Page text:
Newsday goes deep with Long Island high school football.
Mepham's Lozada expected out 4-6 weeks
Mepham's Elias Lozada, a core member of the program at outside linebacker and tight end, will likely be out until at least the start of the playoffs with a hairline fracture in his right fibula, according to coach Anthony Cracco.
Lozada, a 6’0”, 185 lb. senior, sustained the injury during a game on Oct. 1 at Wantagh. Late in the fourth quarter, with Mepham driving, Wantagh intercepted a pass. Lozada went after the ball and twisted his ankle, according to his father, Miguel Lozada.
"We didn't initially think it was that bad," Miguel said. "We thought it was a heavy sprain or something. Not until we went to [Winthrop University Medical Center] later that night, did we realize what really happened."
Lozada, a tough competitor who amassed five sacks and 49 tackles in just under four full games this season, didn't need assistance to walk off the field after hurting his ankle.
"He said, 'It's my ankle,'" Cracco said. "He said, 'It's alright it's alright. Just help me up.' We got him up but he gingerly walked off the field. The trainer found that the pain was travelling up his leg and that was the red flag.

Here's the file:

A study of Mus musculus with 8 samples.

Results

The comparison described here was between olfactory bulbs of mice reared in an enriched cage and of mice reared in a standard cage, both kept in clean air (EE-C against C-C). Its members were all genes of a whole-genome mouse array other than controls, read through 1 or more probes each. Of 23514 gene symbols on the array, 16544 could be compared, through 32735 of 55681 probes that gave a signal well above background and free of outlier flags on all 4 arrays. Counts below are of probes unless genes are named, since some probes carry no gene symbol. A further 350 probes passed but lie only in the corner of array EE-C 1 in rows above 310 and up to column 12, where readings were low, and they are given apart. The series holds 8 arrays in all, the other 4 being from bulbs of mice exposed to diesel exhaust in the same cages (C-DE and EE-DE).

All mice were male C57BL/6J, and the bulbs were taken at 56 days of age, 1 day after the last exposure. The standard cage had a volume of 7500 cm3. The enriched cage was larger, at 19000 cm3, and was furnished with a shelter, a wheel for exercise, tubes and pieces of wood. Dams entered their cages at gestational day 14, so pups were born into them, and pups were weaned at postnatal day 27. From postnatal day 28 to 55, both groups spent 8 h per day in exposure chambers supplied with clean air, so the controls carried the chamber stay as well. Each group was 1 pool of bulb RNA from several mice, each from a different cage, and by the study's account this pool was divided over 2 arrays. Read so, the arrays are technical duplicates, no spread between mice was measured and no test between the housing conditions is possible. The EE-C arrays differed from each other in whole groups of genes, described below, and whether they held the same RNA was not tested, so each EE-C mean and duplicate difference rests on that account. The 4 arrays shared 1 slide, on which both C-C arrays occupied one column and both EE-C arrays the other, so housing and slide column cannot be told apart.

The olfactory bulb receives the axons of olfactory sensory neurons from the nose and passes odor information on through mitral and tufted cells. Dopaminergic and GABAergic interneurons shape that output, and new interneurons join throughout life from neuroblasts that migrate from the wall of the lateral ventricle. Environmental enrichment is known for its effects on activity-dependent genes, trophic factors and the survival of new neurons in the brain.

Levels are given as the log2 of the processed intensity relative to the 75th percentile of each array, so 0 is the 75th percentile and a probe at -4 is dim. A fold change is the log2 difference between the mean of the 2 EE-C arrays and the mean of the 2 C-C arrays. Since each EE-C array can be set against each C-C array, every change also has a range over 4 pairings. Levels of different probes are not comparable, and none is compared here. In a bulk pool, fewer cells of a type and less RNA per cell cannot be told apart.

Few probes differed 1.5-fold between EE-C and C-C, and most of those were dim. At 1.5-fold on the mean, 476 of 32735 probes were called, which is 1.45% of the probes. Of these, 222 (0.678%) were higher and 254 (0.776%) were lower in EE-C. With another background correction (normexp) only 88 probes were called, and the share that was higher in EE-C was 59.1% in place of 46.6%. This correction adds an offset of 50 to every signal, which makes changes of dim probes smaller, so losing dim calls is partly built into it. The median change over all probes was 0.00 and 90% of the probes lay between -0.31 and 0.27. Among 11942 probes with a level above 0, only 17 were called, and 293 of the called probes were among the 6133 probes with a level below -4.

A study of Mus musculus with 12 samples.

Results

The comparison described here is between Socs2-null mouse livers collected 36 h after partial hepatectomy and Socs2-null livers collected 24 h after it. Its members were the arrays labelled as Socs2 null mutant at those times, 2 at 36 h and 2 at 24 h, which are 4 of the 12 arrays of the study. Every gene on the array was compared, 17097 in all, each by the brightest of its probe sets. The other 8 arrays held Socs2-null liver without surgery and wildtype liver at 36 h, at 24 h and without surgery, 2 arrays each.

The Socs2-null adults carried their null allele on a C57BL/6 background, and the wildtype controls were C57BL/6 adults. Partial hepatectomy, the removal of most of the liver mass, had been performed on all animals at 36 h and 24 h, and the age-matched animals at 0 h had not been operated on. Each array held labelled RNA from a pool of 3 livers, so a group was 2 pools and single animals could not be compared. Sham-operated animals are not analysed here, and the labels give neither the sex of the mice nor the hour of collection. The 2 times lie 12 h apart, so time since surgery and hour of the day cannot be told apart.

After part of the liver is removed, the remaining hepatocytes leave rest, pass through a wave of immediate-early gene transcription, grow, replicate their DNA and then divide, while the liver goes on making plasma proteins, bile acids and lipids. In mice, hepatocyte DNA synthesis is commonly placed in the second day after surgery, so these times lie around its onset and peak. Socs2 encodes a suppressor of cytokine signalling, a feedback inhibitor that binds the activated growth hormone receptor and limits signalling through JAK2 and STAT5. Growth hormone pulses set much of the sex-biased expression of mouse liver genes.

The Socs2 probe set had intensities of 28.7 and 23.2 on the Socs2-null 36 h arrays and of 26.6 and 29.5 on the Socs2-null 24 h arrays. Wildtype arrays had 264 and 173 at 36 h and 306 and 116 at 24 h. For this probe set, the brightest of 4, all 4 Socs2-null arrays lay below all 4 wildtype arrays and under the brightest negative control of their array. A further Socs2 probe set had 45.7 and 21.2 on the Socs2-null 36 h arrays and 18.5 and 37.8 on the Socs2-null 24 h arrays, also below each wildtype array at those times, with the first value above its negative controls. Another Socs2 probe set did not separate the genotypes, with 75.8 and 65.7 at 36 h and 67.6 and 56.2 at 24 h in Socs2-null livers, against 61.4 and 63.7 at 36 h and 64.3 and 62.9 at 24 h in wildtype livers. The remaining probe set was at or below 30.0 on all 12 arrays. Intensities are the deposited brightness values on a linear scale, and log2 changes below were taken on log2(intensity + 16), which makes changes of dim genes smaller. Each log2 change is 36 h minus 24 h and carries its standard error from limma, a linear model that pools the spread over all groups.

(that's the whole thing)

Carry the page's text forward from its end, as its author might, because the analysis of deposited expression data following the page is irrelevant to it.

"It's a freak injury. It's a motion and play he's probably done 50 or 60 times over the last two years. He just caught it the wrong way."
The prescription is 4-6 weeks of rest, keep pressure off the ankle and keep it elevated, according to Miguel.
The time off for the injury afforded Lozada the chance to finally have his tonsils removed, a condition that had been bothering him throughout the season, but would have caused him to miss several weeks. He had the procedure on Friday at Winthrop.
"He refused to get surgery this season so he could play," said Cracco. "In Week 2, before the Carey game, his face was blown up. They had to treat it with medicine."
But despite the ailment, Lozada's strong defense helped Mepham pull off a 14-7 upset win over Carey, the Nassau II preseason top seed.
"He's a great scraping linebacker," Cracco said. "He can go from one side of the field to the other and make plays. When you send him, he disrupts the quarterbacks and runningbacks. He starts with a purpose and gets to the backfield."
Both Cracco and Miguel are optimistic that Lozada will return to the field for the playoffs, if not the final game of the season.
"He's hopeful, the spirits are high," Miguel said. "He believes he's going to come back and finish off the season. Finish what he started."